Murdoch says Pay Up

Murdoch Says,

Pay Up for

Internet News


"... open the church, and see the people."  Fellow Media Tycoon Rupert Murdoch.

Charge for Internet News

Note: the material in this piece was lifted from other news outlets for free.

News giant Rupert Murdoch has announced there will be no more free news on the internet. Murdoch is quoted as saying: "The digital revolution has opened many new and inexpensive distribution channels but it has not made content free." He went on to say what we at the Prospect already knew: "Quality journalism is not cheap. An industry that gives away its content is simply cannibalising its ability to produce good reporting." He intends to start charging for individual articles. Murdoch owns the Wall Street Journal and many other newspapers.

Robert Thomson, editor of the Wall Street Journal, recently called Google and other outlets who glean and gather the news "parasites or tech tapeworms in the intestines of the Internet." He is quoted: "Readers have been socialized—wrongly I believe—that much content should be free." The Wall Street Journal has been successfully charging for several months. Rupert claims the results are "not a gold mine" but still paying bills.

Readers will recall that a couple of months ago the Prospect was on the verge of being sued by the Associated Press for passing news on. That suit was settled out of court when the AP’s lawyers never contacted the Prospect, or even knew we were here.

The problem large publications like the Wall Street Journal have is the transition from the old form of paying for news to the new form. The expenses of sending correspondents to Beirut (or Downieville) have to be made up somehow. As Thomson indicated, the culture of the internet is content for free. It may not be very good content, but it’s new, and it’s free. Content mills like Helium and Associated Content  are producing cheap content of often mediocre quality, and news organizations like Indymedia  provide first hand news by people participants.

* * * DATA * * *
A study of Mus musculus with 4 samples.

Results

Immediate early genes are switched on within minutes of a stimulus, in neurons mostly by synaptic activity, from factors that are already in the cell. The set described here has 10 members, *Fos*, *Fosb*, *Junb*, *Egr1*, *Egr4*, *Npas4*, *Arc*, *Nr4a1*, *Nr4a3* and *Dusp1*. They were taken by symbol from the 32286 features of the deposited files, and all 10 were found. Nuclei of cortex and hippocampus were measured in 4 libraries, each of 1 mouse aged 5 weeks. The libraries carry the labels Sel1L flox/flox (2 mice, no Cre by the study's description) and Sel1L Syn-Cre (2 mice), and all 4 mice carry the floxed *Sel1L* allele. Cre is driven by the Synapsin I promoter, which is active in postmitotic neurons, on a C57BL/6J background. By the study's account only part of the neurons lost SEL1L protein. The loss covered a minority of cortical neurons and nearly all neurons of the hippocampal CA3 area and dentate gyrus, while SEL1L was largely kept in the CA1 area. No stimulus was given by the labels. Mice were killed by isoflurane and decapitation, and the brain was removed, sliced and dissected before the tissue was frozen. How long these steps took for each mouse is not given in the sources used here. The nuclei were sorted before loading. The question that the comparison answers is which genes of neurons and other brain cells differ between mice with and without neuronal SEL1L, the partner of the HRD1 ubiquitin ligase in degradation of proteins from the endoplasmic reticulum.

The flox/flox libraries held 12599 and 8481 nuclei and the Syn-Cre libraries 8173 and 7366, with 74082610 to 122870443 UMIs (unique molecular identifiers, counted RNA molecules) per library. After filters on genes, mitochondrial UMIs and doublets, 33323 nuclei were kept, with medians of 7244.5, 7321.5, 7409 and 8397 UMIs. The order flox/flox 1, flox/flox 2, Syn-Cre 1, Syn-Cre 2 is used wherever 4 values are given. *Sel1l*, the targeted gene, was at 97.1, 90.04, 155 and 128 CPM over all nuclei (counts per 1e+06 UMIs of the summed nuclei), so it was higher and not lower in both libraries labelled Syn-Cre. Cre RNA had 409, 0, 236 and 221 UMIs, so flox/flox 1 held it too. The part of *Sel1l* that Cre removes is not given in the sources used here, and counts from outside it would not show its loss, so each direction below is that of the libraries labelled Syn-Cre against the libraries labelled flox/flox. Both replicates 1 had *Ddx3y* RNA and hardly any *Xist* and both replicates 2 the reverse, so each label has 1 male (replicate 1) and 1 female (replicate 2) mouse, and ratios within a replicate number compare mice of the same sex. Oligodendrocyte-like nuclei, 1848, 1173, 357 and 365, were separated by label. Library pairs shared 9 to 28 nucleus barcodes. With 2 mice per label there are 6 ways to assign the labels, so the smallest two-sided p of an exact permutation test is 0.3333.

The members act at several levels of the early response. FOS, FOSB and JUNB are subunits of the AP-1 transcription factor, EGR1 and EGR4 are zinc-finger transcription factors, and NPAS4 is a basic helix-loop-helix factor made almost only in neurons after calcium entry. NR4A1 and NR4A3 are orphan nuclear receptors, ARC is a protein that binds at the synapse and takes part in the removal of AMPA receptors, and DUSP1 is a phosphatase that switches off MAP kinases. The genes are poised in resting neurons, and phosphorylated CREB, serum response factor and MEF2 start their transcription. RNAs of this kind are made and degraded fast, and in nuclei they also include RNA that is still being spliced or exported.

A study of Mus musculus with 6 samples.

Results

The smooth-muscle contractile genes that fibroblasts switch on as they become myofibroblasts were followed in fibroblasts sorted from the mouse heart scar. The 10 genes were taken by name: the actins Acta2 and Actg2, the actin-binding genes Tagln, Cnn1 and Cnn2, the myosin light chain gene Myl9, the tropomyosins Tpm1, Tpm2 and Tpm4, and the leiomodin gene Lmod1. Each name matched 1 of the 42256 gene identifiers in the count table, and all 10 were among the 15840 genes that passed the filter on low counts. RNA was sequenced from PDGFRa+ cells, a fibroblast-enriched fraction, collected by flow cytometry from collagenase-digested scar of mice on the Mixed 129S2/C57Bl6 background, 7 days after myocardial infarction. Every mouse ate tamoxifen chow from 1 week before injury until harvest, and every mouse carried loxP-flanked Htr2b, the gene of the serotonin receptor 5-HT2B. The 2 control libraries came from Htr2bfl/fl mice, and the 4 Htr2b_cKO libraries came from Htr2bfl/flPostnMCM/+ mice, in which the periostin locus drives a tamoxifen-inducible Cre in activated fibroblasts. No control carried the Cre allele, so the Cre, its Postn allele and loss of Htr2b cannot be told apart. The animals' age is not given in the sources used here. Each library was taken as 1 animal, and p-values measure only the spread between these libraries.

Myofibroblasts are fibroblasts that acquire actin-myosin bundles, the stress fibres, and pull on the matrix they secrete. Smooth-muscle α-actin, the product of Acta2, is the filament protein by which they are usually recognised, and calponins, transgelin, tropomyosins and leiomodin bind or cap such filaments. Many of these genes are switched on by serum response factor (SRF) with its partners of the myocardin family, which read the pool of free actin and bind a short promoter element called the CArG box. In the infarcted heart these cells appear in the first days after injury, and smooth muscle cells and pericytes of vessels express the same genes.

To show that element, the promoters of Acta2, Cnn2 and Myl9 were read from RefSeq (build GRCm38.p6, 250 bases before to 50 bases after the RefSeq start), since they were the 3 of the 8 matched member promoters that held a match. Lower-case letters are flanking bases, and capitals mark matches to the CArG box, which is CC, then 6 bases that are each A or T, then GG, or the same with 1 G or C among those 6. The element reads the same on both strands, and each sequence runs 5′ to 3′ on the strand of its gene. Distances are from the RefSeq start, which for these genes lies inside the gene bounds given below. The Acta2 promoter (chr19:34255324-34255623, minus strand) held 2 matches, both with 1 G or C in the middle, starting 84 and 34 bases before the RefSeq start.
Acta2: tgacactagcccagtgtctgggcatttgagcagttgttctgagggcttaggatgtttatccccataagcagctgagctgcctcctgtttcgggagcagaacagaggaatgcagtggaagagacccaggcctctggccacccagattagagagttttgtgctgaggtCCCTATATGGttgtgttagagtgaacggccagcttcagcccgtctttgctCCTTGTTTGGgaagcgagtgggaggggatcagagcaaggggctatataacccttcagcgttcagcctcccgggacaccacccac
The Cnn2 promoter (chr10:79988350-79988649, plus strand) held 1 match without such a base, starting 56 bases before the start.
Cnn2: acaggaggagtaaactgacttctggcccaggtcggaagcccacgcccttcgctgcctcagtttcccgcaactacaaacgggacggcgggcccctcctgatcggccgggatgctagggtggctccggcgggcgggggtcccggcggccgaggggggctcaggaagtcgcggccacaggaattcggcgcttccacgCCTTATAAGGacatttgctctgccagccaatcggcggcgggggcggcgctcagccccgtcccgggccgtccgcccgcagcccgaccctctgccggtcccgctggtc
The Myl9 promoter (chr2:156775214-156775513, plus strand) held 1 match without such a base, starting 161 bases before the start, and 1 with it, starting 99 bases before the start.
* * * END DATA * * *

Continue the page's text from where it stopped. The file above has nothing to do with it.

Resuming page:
Advertisers traditionally pay for news, but on the internet, content is easily stripped from advertising. Advertisers are often hesitant to pay full price for internet advertising because it is sometimes difficult to target specific markets. When an advertiser puts an ad in a paper media, they know it will be on the page and they know, or imagine they know, who the audience is. Not so on the internet.

All of these factors are sucking the profit from large, previously paper giants like the WSJ, and those who are still on paper only. While on line publications aren’t getting rich, the physical costs of putting out a newspaper on pulp continue to rise, giving digital competition the advantage. This leaves advertisers and media alike in confusion about what content, and ad space, is worth.

Internet content in general is often of low quality, because so much of it is free, but there are sites with content of high quality which prior to the internet would never have found an audience. Murdoch is right in pointing out that quality costs money, but it remains to be seen if he can get online readers to pay.


Editor’s note:

Unlike the Wall Street Journal, the Sierra County Prospect already has a plan for profitability for online advertising. Your ad with us is seen by people in Sierra County and surrounding areas, and by people who are interested in coming to Sierra County, and our rates reflect what local advertising is worth, not what it costs us to print the ad.

We’ll happily send staff to show you how it’s done, Rupert!